Eat Move Thrive Spokane
It’s here! Beach season. Bathing suit season (sigh). Notice how that makes you feel… also notice how you are talking to yourself.
What are you saying? Is this how you’d talk to your friend or your child about putting on their bathing suit? For me, the idea of having a “beach body” or “summer-ready body” evokes a visceral reaction. I am flooded with worry and wish for the sudden ability to freeze time because this world ugliness is something I don’t want my young kids to see yet. I’m not ready to take on the insecurities and toxic body image BS that diet culture will inevitably cause within them. Can I just shield their little eyes and ears?
The obvious answer is no. The diet, beauty, and even so-called “health” industries are here to plant all the seeds about potential hazards that may get in the way of that ideal summer bod. Chicken skin, strawberry legs, cellulite, stretch marks, veins, body hair, fat rolls, tan lines, chaffing, sweating… I’m sure I’ve missed plenty of others.
If you weren’t worried about strawberry skin on your legs, now you can google this like millions of people and hear about the unrealistic pressure women face to have doll-like smooth skin without the visibility of any pores on their legs. And these ideals are not solely for women. The beauty and body standards across the gender spectrum create seeds of shame in even the youngest bodies, beginning as early as four years old.
So I’m here writing this in a bit of desperation. I wish I could fix this before my seven-year-old comes to me expressing concerns about her looks or questions why someone said something cruel to her when she’s been taught that all bodies are unique and beautiful. But I’m out of time. Those little ears have heard too much already. I need some help. We need a movement.
It’s time for a No-Body-Shame Summer. No more bad-mouthing ourselves about our imperfections. No more Instagram comparisons. No more regret about the body you have today. Let’s be real about body diversity. Let’s celebrate the different bodies we have at the beach this summer in 2022.
Here are some real-life ways to have a No-Body-Shame Summer.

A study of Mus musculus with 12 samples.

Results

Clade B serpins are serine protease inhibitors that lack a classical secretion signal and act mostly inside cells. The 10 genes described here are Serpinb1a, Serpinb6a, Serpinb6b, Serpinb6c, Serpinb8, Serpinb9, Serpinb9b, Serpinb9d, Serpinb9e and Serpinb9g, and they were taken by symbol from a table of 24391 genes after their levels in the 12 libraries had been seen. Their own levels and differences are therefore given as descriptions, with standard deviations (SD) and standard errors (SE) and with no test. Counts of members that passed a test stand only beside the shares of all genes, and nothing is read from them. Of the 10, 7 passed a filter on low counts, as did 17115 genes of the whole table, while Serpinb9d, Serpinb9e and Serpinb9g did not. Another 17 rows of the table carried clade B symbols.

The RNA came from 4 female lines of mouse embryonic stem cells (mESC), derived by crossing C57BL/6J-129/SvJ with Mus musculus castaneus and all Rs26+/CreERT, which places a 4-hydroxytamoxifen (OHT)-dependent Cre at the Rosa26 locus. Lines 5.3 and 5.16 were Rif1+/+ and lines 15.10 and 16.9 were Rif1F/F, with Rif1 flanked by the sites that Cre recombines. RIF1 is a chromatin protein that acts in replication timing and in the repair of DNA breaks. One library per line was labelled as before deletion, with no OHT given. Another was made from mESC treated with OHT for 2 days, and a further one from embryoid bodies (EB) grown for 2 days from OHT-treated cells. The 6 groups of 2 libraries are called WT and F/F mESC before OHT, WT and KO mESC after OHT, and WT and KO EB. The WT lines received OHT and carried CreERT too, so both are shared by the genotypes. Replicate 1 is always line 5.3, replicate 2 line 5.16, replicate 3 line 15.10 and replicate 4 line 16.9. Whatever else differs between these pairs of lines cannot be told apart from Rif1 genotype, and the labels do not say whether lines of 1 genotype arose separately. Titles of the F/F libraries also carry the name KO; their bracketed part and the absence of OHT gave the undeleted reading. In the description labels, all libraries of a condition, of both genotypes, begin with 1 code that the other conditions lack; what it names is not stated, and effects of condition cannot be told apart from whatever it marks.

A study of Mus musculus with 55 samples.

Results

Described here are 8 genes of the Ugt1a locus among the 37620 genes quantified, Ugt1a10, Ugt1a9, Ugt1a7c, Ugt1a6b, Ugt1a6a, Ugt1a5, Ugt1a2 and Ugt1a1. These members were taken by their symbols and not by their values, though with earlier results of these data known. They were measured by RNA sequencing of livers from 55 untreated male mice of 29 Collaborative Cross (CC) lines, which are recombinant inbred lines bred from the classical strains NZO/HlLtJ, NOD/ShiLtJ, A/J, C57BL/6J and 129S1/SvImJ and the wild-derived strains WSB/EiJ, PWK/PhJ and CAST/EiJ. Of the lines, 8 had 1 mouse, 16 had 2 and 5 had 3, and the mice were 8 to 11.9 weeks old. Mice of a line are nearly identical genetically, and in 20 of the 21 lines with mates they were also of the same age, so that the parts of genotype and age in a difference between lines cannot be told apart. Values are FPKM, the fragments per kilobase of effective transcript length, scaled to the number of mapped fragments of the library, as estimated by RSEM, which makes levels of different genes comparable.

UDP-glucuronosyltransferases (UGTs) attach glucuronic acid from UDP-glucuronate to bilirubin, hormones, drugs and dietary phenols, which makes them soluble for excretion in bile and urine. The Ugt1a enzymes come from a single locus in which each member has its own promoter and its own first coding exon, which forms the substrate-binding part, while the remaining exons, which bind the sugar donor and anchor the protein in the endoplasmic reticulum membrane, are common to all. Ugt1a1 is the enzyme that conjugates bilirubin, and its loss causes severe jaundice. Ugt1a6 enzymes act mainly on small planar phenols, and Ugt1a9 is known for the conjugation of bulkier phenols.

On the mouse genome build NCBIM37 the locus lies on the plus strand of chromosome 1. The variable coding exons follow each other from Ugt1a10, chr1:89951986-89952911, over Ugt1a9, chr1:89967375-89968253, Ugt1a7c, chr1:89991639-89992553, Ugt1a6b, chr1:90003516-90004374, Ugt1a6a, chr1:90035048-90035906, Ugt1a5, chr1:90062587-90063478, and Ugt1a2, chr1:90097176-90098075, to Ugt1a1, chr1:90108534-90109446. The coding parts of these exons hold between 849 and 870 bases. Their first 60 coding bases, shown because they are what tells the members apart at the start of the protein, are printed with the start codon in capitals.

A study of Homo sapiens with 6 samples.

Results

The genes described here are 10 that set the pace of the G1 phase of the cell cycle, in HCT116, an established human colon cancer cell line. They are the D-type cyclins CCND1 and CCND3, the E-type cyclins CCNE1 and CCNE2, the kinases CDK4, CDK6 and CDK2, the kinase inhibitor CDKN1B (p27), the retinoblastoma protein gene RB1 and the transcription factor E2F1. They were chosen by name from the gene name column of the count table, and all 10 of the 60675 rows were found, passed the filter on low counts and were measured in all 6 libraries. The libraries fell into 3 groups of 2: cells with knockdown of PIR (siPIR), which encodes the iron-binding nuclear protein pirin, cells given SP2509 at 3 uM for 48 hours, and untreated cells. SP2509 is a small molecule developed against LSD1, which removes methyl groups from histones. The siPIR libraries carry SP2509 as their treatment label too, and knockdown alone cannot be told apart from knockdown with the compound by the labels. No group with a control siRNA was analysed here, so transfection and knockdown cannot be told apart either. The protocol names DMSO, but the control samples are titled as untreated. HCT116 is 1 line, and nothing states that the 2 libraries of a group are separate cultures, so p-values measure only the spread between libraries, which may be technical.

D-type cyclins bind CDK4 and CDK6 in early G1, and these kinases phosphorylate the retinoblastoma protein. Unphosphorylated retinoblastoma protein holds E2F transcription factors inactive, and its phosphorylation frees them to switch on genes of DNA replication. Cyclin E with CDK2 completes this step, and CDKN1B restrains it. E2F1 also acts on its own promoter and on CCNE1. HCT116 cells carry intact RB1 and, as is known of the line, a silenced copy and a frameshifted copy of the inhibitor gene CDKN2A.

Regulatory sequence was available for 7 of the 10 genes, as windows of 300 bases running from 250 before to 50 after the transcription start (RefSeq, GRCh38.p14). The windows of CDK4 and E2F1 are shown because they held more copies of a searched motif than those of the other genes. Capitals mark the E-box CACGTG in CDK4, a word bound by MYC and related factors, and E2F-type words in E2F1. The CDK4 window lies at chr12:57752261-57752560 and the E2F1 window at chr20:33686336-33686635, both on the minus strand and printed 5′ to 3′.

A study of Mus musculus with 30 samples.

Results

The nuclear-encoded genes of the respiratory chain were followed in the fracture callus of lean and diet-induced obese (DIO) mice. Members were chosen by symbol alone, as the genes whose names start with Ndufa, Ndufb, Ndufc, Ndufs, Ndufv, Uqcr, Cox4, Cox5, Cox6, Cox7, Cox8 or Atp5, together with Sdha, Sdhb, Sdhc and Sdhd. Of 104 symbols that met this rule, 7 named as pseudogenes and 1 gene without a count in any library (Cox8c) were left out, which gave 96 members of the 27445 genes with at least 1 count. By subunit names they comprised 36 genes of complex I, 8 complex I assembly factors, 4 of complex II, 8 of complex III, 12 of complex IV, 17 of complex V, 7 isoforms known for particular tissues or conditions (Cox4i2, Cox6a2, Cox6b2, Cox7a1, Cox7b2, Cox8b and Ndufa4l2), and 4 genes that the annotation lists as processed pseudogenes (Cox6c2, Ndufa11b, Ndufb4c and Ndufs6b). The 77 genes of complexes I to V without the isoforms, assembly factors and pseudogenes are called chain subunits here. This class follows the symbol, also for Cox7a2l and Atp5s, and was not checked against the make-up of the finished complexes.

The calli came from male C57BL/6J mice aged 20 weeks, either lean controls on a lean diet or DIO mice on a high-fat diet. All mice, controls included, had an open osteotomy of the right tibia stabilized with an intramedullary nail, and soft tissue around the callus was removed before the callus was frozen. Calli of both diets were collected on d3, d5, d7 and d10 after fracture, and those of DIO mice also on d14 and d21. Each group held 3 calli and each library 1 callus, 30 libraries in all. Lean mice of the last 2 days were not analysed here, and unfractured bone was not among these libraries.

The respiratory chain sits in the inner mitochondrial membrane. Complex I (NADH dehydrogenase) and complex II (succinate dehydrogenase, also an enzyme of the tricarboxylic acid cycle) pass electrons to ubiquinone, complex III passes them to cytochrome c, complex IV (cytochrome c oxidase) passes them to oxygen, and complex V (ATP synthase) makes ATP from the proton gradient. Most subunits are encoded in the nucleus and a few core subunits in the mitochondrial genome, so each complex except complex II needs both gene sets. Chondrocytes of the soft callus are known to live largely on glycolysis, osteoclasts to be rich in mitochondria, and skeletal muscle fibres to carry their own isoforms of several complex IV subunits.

Opt out of talk about major physical transformations (i.e. “Oh my gosh, did you see how great X looks now that she’s lost weight?” or “Yikes, he sure aged over the pandemic!”). I’d suggest we just stop commenting about body size and age in general. Body sizes change and people get older, nuff said!
Don’t talk smack about your own body aloud in front of young ears. They are sponges and don’t need the toxic self-talk. Let’s end the body-shaming cycle that is passed down generation to generation.
Buy a new summer swimsuit/beach attire that makes you feel good about you! Embrace your size and shape and get something that flatters your body as it is. You’ll feel more comfortable in a swimsuit that you fit in, not the one you did years ago. Treat yourself! When you feel more confident in your beach attire, you’ll thrive.
Celebrate by moving your body. Challenge your body, as you’re able, to do something new. Your body won’t look the same at forty as it did as twenty-five. It also will look and feel much different at sixty-five and eighty! So use what you got when you got it! Go on the big hike, book the excursion, sign up for the race, plant the garden, and play baseball with the kids because today you can.
Commit to talking to yourself like you would your best friend. Self-compassion only this summer! Your best friend wouldn’t tell you how old you look or that you are too big to come to the beach. When that negative body-shaming voice sneaks in, remind it, this is a No-Body-Shame Summer, so buh-bye!
After growing up in the Inland Northwest, Monika Jacobson earned her Bachelor’s degree in Human Nutrition and Dietetics at Washington State University. She moved to the west side and worked as a Registered Dietitian Nutritionist in a myriad of settings–from luxury health clubs, to coaching athletes with sports nutrition, to home health clinical nutrition and various start-ups in Seattle-focused scientific wellness and genetics. After moving to Spokane with her family, she created Eat Move Thrive-Spokane because she wanted to transform people’s lives by teaching them how to make healthy food taste good. At Eat Move Thrive-Spokane, Monika teaches adult and kid cooking classes (online and in-person) and coaches clients one-on-one with their wellness goals centered on nutrition. She discusses how stress, sleep, hormones, and overall mental health affect the decisions we make about food.